Cisco Warns of Critical Flaws in Data Center Network Manager

Cisco has patched two critical vulnerabilities in its Data Center Network Manager software, which could allow a remote attacker to take over affected devices.

Cisco Systems has released emergency patches for two critical vulnerabilities in its Data Center Network Manager, which could allow attackers to take control of impacted systems.

The Data Center Network Manager (DCNM) is Cisco’s network management platform for switches running on its network operating system (NX-OS), including Cisco Nexus Series switches. Overall, the networking giant patched four flaws that existed in the software on this platform: two critical, one high-severity and one medium-severity.

The platform’s web-based management interface has two critical vulnerabilities (CVE-2019-1620 and CVE-2019-1619) which both rank 9.8 out of 10 on the CVSS scale. Cisco said that it has not spotted any active exploits of the vulnerabilities in the wild.

One of these (CVE-2019-1620) is an arbitrary file upload vulnerability that could enable remote code execution on impacted devices. The vulnerability stems from incorrect permission settings in the DCNM software. This error means that an unauthenticated, remote attacker would be able to send specially crafted data to a specific web servlet that is available on affected devices, thus creating arbitrary files on the underlying DCNM filesystem. A web servlet is a class that responds to a particular type of network request (generally an HTTP request).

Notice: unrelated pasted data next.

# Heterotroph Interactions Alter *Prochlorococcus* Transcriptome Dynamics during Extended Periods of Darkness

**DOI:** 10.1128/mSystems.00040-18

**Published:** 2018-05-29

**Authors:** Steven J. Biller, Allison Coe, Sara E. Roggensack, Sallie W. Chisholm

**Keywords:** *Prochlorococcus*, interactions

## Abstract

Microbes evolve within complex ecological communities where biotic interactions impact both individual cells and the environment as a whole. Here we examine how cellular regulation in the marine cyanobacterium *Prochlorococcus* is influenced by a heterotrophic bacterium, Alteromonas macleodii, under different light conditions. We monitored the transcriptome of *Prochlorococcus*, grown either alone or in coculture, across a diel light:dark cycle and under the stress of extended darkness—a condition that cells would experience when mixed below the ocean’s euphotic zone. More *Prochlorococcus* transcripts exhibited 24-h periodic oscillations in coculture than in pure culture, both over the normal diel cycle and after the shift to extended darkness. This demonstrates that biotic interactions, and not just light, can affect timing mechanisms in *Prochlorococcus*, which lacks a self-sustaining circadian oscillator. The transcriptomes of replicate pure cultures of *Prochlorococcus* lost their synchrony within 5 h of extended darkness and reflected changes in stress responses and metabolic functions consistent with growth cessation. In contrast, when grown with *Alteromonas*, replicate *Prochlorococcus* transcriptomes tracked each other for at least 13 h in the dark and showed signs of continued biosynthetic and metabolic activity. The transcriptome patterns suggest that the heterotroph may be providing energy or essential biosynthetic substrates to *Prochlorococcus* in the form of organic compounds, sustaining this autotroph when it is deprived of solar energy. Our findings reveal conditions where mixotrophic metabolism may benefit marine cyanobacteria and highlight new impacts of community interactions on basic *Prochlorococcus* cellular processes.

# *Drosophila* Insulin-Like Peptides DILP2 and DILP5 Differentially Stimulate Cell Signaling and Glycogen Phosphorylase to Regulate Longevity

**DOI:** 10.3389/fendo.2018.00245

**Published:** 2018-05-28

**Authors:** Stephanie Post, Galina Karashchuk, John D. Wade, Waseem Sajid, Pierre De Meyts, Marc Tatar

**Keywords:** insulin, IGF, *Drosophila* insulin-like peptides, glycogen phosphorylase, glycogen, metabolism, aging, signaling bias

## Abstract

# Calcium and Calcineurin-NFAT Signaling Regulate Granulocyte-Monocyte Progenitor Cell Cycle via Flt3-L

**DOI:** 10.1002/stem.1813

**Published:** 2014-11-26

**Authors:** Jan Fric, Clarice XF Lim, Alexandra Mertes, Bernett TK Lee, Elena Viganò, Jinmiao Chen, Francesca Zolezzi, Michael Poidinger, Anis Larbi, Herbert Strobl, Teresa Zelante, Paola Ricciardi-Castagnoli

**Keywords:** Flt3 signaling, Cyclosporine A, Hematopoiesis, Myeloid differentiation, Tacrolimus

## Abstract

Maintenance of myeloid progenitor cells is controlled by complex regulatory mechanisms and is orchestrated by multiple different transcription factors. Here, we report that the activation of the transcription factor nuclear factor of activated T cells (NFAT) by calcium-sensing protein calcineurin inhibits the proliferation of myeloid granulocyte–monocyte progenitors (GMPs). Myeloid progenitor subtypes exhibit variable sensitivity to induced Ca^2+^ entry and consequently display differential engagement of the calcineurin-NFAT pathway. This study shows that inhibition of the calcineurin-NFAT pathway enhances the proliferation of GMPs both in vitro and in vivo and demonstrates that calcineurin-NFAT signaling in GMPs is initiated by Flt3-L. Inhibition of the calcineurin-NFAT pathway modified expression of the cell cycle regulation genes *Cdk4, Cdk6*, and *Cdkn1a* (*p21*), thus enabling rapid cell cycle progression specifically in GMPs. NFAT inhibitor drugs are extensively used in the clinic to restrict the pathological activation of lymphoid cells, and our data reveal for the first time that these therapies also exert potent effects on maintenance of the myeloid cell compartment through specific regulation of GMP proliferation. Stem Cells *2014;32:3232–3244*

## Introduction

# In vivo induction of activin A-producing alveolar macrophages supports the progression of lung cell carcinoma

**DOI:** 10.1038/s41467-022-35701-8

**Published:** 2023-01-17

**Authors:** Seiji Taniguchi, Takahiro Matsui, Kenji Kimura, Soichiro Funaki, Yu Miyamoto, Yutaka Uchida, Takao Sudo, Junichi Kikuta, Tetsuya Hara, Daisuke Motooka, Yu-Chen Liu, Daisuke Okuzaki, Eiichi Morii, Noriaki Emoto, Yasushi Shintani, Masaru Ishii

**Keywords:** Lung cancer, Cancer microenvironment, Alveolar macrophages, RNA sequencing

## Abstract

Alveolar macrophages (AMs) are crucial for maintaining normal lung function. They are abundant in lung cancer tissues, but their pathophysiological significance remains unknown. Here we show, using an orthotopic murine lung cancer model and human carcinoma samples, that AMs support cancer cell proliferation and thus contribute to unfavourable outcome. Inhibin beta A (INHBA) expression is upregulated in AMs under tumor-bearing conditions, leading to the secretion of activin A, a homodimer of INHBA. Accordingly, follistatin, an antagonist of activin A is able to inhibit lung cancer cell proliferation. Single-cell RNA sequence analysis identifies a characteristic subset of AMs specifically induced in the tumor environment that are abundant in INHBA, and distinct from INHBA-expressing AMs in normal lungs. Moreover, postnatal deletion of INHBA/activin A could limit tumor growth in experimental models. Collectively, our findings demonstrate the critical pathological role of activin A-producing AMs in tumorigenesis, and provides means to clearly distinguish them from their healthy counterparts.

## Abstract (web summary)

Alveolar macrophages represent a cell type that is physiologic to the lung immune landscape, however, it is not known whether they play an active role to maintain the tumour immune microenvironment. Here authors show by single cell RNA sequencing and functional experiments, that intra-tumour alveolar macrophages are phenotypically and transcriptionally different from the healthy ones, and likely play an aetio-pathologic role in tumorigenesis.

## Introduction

“An attacker could exploit this vulnerability by uploading specially crafted data to the affected device,” Cisco said in its advisory. “A successful exploit could allow the attacker to write arbitrary files on the filesystem and execute code with root privileges on the affected device.”

Impacted is DCNM software releases prior to Release 11.2(1); Cisco said that it has removed the affected web servlet from the Release 11.2(1).

The other critical vulnerability (CVE-2019-1619) is an authentication bypass flaw in the DCNM management interface, that could allow an unauthenticated, remote attacker to “bypass authentication and execute arbitrary actions with administrative privileges on an affected device,” Cisco said.

This flaw exists because of improper session management on DCNM software versions prior to Release 11.1(1).

This means an attacker could obtain a valid session cookie without knowing the administrative user password, by sending a specially crafted HTTP request to a specific web servlet that is available on impacted devices. Once the attacker does that, he could gain administrative access and take over the device.

Cisco said that it removed the affected web servlet completely in DCNM Software Release 11.1(1) and urged users to update to that version.

Security researcher Pedro Ribeiro was credited with reporting both critical vulnerabilities to iDefense’s Vulnerability Contributor Program, a bug bounty program.

Also patched was a high-severity flaw (CVE-2019-1621) in DCNM that exists from incorrect permissions settings and could allow an unauthenticated, remote attacker to gain access to sensitive files on an affected device; and a medium-severity vulnerability (CVE-2019-1622) that is due to improper access controls for certain URLs on DCNM software and could allow a remote attacker  to retrieve sensitive data from victims.

Cisco has dealt with a slew of vulnerabilities so far this month: Including a critical vulnerability in its Digital Network Architecture (DNA) Center, which could allow an unauthenticated attacker to access critical internal services; and a high-severity vulnerability in its software for routers and switches, which could enable a remote attacker to reconfigure or execute commands on impacted devices.